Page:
Consolation begins deep in the self that is grateful to God in all things. As G. K. Chesterton once explained, gratitude is happiness magnified by wonder. Jesus’ act at Cana shows how practical gratitude is: in the first place, Jesus intended his friends to be happy and have a good time. He and his mother came to this wedding party to enjoy it. When that enjoyment was threatened, Jesus felt impelled (with a little help from his mother) to show what his disciples could expect: first of all, more wine. They enjoyed the wine, and then they understood the sign: Jesus had revealed his glory; and his disciples believed in him (John 2:11). That is consolation. In everyday life, we feel joy in whatever comes. For whatever comes arrives in the context of God’s overarching care: the earth has yielded its produce; God, our God has blessed us (Ps. 67:6, NJB).
Well, we don’t have parties every day, so how do we experience consolation in everyday life? We feel it in the easy flow of faith and hope and love—head and heart and hands—as we go about doing the next good thing. Consolation keeps us feeling that we are enough and that our life is enough. It lets us sleep well and wake refreshed. We do not fret about whether we are doing God’s will or not. We are not anxious that the world might suddenly end. This hope-filled mind and a quiet heart flow into doing the next good thing even when it is hard or repulsive.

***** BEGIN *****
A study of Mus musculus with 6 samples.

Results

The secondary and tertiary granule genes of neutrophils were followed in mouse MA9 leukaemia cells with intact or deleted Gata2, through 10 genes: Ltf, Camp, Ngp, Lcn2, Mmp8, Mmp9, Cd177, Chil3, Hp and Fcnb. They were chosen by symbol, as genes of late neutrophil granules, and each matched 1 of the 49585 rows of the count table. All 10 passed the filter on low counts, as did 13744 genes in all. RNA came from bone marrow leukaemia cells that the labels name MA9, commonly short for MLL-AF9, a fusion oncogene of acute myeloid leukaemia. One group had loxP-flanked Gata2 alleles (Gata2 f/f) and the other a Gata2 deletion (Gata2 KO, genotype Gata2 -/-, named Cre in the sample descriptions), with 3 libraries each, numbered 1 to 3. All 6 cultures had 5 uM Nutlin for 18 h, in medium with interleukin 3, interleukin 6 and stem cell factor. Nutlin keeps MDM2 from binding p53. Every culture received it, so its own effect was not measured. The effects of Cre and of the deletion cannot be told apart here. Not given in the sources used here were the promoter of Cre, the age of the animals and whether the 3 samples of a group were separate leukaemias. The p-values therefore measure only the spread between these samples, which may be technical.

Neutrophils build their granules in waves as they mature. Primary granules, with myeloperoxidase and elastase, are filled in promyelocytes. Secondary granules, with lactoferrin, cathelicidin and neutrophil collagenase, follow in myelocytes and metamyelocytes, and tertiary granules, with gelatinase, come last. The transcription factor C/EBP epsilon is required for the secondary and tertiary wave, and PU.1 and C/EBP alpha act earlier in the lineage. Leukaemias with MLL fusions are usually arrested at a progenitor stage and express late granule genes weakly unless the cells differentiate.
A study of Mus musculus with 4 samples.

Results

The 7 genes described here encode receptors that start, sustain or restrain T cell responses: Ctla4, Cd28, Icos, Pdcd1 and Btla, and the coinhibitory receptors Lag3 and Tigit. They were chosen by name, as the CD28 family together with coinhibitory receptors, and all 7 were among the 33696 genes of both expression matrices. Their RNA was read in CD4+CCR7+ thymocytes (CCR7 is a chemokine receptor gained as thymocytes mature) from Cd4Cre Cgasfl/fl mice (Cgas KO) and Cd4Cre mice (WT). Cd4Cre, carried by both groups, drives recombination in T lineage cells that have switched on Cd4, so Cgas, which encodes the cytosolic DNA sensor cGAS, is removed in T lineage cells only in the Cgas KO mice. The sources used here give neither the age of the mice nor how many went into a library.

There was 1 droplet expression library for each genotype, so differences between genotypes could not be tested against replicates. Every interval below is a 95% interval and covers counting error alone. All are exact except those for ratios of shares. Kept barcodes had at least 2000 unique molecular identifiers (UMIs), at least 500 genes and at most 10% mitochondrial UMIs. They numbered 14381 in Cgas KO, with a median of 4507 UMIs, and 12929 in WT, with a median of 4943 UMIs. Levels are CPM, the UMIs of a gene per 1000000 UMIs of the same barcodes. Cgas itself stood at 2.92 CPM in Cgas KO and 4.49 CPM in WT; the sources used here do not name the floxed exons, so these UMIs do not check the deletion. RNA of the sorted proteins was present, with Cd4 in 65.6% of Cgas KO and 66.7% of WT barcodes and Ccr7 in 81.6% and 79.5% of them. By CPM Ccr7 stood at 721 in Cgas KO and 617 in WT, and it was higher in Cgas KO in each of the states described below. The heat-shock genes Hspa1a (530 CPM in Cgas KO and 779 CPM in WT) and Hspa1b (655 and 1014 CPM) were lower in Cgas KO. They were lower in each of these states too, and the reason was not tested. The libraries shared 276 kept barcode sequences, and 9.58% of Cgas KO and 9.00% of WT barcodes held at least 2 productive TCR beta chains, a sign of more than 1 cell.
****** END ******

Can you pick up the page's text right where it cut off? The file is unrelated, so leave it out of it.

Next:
Consolation also comes to us in prayer. On ordinary days we have a fixed time and place to pray, perhaps with the day’s readings. Just managing to keep at this spiritual habit is a consolation. Keeping our attention on God and the things of God is a consolation. And even if we spend time in silence and quiet without thinking much, just being there enacts our belief that God lives, truly loves us, “is mysteriously capable of intervening, that he does not abandon us.”
—Excerpted from Always Discerning by Joseph A. Tetlow, SJ
I don’t remember my mom saying Prayer before Meals. What I do remember was her pressing upon us to give thanks for the food on the table and to always remember those who have not eaten yet even a single meal for the day.
When there is a big storm and we’re all safe and sound in our home, what does she say? “I worry over the squatters who live beside the railways; they have clapboards for their walls and rusty galvanized irons for their roofs that a strong wind is enough to blow down their shovels.”
Perhaps that’s what St. Ignatius has been teaching all along of what it means to identify our everyday consolation be it the simple food during mealtimes, the roof over your head, or the loving relations between and among siblings.
What the mind and the heart tell us, the hands will act on.
What is your consolation for today?
Thank you for the consolation that permeated my soul this morning, reading this article and remembering all is well in Him.
Through all my life, God has never abandoned me.
Thank you for this article.
Thank you! This is a perfect short and inspiring reading. I’ve been reflecting the whole morning about “Sacred Story Spiritual Guidelines” in which consolation and desolation are beautifully explained by William M. Watson, SJ (Sacred Story. An Ignatian Examen for the Third Millennium). Your article gave me more to think. I’m in the very beginning of finding that “fixed time and place to pray” you talked about. Your words are a perfect ending to complement my reading and affirmations! I’ll keep them close by during this 40 weeks! Thank you again!